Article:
PITTSBURGH (KDKA) — As the Freeport Area High School jazz band serenaded, airline passengers at Pittsburgh International were hoping their bags were arriving with them, especially after paying high baggage fees.
“I paid $60 to check two bags,” said Cody McCaskill of Norman, Oklahoma, at one baggage carousel.
“I had to pay a baggage fee of $25 to check that bag,” added Deanna Marra of Hopewell.
With the exception of Southwest Airlines, almost every airline flying at Pittsburgh International charges for checked bags.
Last year, U.S. Airlines made $4.2 billion in baggage fees alone.
Nobody likes those baggage fees, but what really bothers folks is not knowing what the fee is until the end of the ticketing process.
The Obama administration had proposed a rule that would require airlines to be upfront about the baggage fees.
The Trump administration has decided to withdraw that rule.
That has state Attorney General Josh Shapiro protesting the change.
“The Trump administration rolled back those protections, so while those fees will still be able to be charged, there’s no openness,” Shapiro told KDKA money editor Jon Delano on Tuesday. “There’s no transparency. Makes it harder for consumers to know what they’re buying and to be able to compare, sort of price shop with other airlines.”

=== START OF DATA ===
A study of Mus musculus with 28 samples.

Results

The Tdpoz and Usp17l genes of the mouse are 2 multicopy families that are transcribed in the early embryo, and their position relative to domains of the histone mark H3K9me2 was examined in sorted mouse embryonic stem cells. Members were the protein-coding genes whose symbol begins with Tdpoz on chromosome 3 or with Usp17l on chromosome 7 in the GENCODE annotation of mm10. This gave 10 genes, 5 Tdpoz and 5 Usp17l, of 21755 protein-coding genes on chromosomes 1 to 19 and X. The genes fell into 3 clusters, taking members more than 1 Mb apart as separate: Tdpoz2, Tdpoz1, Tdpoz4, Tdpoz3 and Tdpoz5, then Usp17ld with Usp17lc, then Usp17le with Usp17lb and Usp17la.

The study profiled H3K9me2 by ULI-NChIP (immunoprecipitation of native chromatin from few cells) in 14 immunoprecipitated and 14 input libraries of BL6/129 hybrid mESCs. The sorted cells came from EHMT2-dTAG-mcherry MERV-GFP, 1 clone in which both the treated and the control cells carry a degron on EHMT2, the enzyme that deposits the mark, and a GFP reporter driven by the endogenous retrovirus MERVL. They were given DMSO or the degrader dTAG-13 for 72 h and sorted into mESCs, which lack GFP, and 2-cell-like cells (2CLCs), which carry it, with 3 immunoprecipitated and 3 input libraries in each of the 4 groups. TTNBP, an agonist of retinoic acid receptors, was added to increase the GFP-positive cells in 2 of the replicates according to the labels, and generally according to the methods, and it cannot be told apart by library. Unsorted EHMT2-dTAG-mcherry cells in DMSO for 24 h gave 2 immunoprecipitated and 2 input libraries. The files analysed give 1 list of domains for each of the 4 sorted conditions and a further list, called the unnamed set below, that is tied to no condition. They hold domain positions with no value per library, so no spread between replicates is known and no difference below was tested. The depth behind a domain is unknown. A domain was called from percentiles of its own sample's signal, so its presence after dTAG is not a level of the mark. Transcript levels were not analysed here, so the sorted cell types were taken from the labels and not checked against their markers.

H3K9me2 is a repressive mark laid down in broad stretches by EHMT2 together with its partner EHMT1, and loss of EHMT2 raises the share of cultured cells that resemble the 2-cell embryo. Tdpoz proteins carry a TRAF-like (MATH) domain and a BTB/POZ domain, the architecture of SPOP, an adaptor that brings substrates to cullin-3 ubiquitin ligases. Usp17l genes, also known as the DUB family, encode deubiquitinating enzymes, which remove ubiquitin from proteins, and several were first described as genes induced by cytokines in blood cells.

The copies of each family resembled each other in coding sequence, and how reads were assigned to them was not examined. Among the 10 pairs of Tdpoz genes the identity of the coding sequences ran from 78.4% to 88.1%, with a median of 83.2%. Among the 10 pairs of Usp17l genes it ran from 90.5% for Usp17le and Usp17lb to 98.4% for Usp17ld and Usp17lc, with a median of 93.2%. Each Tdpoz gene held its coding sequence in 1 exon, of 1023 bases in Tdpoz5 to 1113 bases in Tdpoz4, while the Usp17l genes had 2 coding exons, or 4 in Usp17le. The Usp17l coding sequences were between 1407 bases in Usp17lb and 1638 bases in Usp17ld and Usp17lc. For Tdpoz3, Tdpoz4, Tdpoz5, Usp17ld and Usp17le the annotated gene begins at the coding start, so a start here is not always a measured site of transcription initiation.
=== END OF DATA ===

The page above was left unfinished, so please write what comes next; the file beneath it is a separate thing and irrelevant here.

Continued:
Shapiro says when most consumers go online to buy an airline ticket, “They’ll say, I’m going from Pittsburgh to Chicago, and they’ll punch that in — here’s the date, here’s the time — and then the airlines will populate their prices and the times of their flights.”
“What you don’t see there up front is all the hidden costs, all the different fees,” he said.
Shapiro says those fees make a big difference on total costs, so he’s authored a letter to Transportation Secretary Elaine Chao signed by 16 state attorneys general.
“They’ve tilted the scales in favor of the airline industry,” said Shapiro. “I hope that by us coming together as attorneys general from all across the country we can convince the secretary to rethink this policy, to actually tilt the scales back in favor of the consumers.”